REVIEW: Avatar Arena Action

Battle lines have long been drawn up between two major XBLIG multiplayer shooters, ones that have (so far) stood the test of time and short attention spans to maintain, and even continue to grow, dedicated communities around their version of a popular FPS. There’s others that have done the same, to lesser degrees, but Murder Miners (plays like Halo / Minecraft) and Avatar Laser Wars 2 (Call of Duty-lite) have emerged as lasting favorites for many. Stepping in now to fill the void of Doom / Quake / Unreal Tournament-like, is Avatar Arena Action (80 MSP).

Avatar Arena Action - Screen

It does a solid impression, too, matching the controls, (almost same) speed, and twitch-shooting those games are known for, with similar-textured hallways and open areas bred for fast, hit-and-go conflict. Other familiar staples are here as well; warp points and jump pads, body armor, and the ubiquitous red health crosses (that yes, will boost your health beyond the seemingly-full 100%).

Supporting both challenging AI Avatar bots and online multiplayer up to eight, all of the levels are suitably balanced for small or large-scale skirmishes. With eight different arenas to choose from, there’s a good amount of obstacles and verticality in each of the maps, pushing faster and faster navigation as both a offensive and defensive tactic. He / She who gets the drop on their opponents (and carries the biggest gun) will typically win the fight.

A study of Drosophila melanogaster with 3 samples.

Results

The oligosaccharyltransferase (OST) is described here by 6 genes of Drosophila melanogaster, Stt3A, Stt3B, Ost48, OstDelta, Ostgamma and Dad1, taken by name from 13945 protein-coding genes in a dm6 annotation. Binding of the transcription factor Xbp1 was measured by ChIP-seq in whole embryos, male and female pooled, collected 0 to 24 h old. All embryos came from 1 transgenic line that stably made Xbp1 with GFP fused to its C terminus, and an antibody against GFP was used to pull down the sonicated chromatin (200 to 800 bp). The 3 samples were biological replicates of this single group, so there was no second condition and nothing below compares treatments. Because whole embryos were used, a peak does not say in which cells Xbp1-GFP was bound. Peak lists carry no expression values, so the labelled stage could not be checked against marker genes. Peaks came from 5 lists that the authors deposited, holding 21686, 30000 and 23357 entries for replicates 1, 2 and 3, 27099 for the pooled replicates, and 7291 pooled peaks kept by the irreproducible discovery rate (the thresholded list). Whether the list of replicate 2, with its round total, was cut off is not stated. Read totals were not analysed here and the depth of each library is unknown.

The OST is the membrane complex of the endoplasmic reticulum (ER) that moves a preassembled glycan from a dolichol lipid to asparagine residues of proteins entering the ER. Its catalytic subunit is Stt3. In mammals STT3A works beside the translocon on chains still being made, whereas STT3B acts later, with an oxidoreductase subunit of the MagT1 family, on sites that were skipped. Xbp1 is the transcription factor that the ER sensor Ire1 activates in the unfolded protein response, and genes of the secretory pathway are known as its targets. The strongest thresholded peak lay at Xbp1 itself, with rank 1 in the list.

And speaking of weapons, you’ll get a small but lethal assortment to counteract the weak starting pistol / knife combo; a sniper rifle, rocket launcher, and an assault / shotgun hybrid that can fire three different ammo types with devastating effect. If you’re like me, though, you’ll be entirely content to jump around the stage, hitting everyone with the rocket launcher and its generous splash damage. Kills leave behind a green goo (an avatar’s soul?), which refills ammo and equips you with any weapons that were in their possession.

Avatar Arena Action - Screen2

Strangely, Avatar Arena Action doesn’t function like a traditional multiplayer shooter. It keeps score and placements diligently, and offers straight-up Deathmatch for its sole mode, though there’s no countdown timer or way to absolutely ‘win’ a match, or tinker with any options to do so. Games go on forever. To finish, you’ll have to manually exit out, in a ‘Nobody loses, We’re all winners’, ‘participation trophy’ sort of way. Odd. And if you’re interested in the game purely for the ability to play online, be aware that there isn’t much of anything happening there currently; I searched for games two days in a row, only to turn up empty each time.

Avatar Arena Action fills out the trilogy of Triple-A shooter impersonators quite nicely. It’s lacking a lot of the options present in Murder Miners and ALW2, and doesn’t have much of a community (yet), which could hurt its longevity. Still, you’d be hard-pressed to find a better indie substitute for the quickened gameplay in shooters like Quake and Unreal Tournament. As such, it comes recommended.

3 thoughts on “REVIEW: Avatar Arena Action”

    1. One thing that I didn’t touch on all that much is the controls. They feel really solid and sure, which you’d -expect- from a retail / arcade game, but not from an indie. Nice framework / gameplay around it, too, but yeah, the continual matches are a bit strange. Leave it as the default setting, even, but why not at least have an option to set limits?